Pilate and the modern Christian (Mondays with MacDonald)

“Pilate asked him, ‘What is truth?'” — John 18:38a

Pilate thereupon—as would most Christians nowadays, instead of setting about being true—requests a definition of truth, a presentation to his intellect in set terms of what the word ‘truth’ means; but instantly, whether confident of the uselessness of the inquiry, or intending to resume it when he has set the Lord at liberty, goes out to the people to tell them he finds no fault in him. Whatever interpretation we put on his action here, he must be far less worthy of blame than those ‘Christians’ who, instead of setting themselves to be pure ‘even as he is pure,’ to be their brother and sister’s keeper, and to serve God by being honourable in shop and counting-house and labour-market, proceed to ‘serve’ him, some by going to church or chapel, some by condemning the opinions of their neighbours, some by teaching others what they do not themselves heed.

George MacDonald (from his sermon “Kingship”, published in Unspoken Sermons, Series 3, 1889)


    Hey Steve! I was thinking about you the other day and the long gone days of blogging. (Not being on Facebook also makes it difficult to stay in contact with past blogging buddies.) All this to say hello and wondered if you were still blogging – which obviously you’re not. Hope you are doing well.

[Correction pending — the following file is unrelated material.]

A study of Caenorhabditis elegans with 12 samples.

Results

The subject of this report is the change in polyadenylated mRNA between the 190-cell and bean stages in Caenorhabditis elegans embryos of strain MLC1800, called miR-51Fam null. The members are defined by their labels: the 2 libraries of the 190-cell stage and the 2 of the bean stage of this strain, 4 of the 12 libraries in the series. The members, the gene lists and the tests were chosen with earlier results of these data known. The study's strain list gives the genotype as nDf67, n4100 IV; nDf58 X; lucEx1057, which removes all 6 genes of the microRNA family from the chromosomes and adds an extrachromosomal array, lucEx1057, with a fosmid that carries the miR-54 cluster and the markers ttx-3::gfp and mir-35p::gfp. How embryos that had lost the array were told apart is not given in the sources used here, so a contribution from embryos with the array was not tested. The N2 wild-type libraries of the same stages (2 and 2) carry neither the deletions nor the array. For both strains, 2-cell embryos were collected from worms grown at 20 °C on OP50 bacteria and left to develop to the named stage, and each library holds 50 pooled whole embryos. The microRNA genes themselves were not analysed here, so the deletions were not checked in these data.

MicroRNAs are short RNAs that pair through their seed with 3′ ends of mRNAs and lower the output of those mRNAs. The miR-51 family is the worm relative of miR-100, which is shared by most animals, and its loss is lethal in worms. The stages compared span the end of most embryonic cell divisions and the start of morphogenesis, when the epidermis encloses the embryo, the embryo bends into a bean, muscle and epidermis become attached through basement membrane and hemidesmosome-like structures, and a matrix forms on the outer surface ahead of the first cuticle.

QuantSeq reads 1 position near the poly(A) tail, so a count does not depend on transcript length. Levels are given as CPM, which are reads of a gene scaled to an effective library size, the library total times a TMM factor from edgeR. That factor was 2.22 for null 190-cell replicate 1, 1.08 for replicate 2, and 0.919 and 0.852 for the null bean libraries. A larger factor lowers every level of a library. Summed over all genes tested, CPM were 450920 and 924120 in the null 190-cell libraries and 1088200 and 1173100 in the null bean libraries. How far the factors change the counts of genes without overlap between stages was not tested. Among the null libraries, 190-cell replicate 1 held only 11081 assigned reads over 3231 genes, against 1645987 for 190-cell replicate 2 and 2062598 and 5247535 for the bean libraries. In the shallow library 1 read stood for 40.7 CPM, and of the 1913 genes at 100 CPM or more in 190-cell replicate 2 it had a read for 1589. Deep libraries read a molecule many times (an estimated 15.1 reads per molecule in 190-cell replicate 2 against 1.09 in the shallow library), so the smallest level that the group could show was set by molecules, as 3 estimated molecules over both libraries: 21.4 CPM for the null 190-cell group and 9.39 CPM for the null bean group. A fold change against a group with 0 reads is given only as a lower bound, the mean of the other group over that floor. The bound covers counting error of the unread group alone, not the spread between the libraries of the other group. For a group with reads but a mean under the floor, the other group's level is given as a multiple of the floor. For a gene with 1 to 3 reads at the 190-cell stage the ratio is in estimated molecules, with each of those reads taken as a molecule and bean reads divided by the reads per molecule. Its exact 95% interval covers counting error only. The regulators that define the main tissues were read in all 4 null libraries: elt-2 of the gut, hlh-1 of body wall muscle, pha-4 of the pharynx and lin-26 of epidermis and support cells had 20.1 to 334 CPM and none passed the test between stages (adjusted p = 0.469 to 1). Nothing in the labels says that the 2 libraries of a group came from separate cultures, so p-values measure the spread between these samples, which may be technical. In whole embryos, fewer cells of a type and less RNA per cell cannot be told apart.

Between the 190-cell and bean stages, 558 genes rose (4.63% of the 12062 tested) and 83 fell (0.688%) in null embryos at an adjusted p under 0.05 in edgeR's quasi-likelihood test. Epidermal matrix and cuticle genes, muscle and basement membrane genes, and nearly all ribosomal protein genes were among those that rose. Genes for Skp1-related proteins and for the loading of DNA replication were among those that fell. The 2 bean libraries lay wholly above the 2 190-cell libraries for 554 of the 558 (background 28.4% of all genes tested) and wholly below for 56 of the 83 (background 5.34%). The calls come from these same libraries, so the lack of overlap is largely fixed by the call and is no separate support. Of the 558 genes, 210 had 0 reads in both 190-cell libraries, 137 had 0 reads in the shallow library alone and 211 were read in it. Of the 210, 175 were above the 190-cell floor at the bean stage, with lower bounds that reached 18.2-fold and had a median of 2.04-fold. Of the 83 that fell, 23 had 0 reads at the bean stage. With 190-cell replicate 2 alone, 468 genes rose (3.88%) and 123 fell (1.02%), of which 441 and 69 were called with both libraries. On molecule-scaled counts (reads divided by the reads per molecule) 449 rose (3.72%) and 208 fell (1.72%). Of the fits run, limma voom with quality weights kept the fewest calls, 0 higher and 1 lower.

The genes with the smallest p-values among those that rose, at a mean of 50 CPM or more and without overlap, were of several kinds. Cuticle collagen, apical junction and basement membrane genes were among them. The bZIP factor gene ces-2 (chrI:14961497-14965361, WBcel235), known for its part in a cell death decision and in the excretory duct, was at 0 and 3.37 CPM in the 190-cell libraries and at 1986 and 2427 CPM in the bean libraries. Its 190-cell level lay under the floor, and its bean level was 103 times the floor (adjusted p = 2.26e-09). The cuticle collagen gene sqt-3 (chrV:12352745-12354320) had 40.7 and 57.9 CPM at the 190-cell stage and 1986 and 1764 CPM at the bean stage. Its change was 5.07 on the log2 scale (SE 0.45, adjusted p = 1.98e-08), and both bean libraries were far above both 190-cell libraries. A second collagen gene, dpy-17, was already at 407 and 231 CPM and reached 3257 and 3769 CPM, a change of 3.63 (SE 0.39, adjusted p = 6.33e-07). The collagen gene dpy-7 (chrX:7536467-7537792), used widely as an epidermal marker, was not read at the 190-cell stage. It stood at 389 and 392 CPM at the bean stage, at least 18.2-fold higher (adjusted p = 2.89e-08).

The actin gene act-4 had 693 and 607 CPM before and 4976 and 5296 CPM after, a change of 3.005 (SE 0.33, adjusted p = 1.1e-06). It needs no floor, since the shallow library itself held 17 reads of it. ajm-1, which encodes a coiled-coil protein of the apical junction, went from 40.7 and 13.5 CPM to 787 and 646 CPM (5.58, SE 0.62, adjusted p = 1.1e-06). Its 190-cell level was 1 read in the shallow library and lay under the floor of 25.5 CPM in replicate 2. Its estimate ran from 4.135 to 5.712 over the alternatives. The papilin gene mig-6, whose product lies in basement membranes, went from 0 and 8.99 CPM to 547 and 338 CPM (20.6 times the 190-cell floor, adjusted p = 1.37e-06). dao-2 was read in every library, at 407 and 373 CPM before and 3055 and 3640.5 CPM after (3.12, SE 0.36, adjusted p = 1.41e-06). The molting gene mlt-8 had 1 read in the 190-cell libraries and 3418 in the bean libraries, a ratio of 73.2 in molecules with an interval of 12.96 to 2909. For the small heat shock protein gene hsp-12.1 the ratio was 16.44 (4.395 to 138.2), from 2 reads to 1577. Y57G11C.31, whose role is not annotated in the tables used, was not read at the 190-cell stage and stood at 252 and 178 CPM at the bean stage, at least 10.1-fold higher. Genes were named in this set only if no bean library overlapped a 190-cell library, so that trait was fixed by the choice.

• Sorry I missed this comment. I’m not really doing much writing of any kind in recent years, but I have lately been missing it. I’ve been reading through my old blog posts and hoping to kindle something again. I hope you’re doing well also!

  • mark45ful

    Probably not part of the current discussion but I haven’t been on site for some years. Heard this poem at a Richard Rohr Conference and began to weep. God wins! Interesting date! Mark Chapman

    The Fullness of Time
    By James Stephens (b. 1882)

    ON a rusty iron throne
    Past the furthest star of space
    I saw Satan sit alone,
    Old and haggard was his face;
    For his work was done and he 5
    Rested in eternity.

    And to him from out the sun
    Came his father and his friend
    Saying, now the work is done
    Enmity is at an end: 10
    And he guided Satan to
    Paradises that he knew.

    Gabriel without a frown,
    Uriel without a spear,
    Raphael came singing down 15
    Welcoming their ancient peer,
    And they seated him beside
    One who had been crucified.

    • Thanks, Mark! There was an explosion of this kind of thinking in the latter part of the nineteenth century, it seems. I’m not sure how literally to take the redemption of Satan language in this poem, but as a picture of the redeemability of the most vile of sinners it is certainly suggestive and picturesque. Even the esteemed St. Gregory of Nyssa believed that the originator of evil would be reconciled, but over the centuries it’s been rather an unpopular opinion to say the least!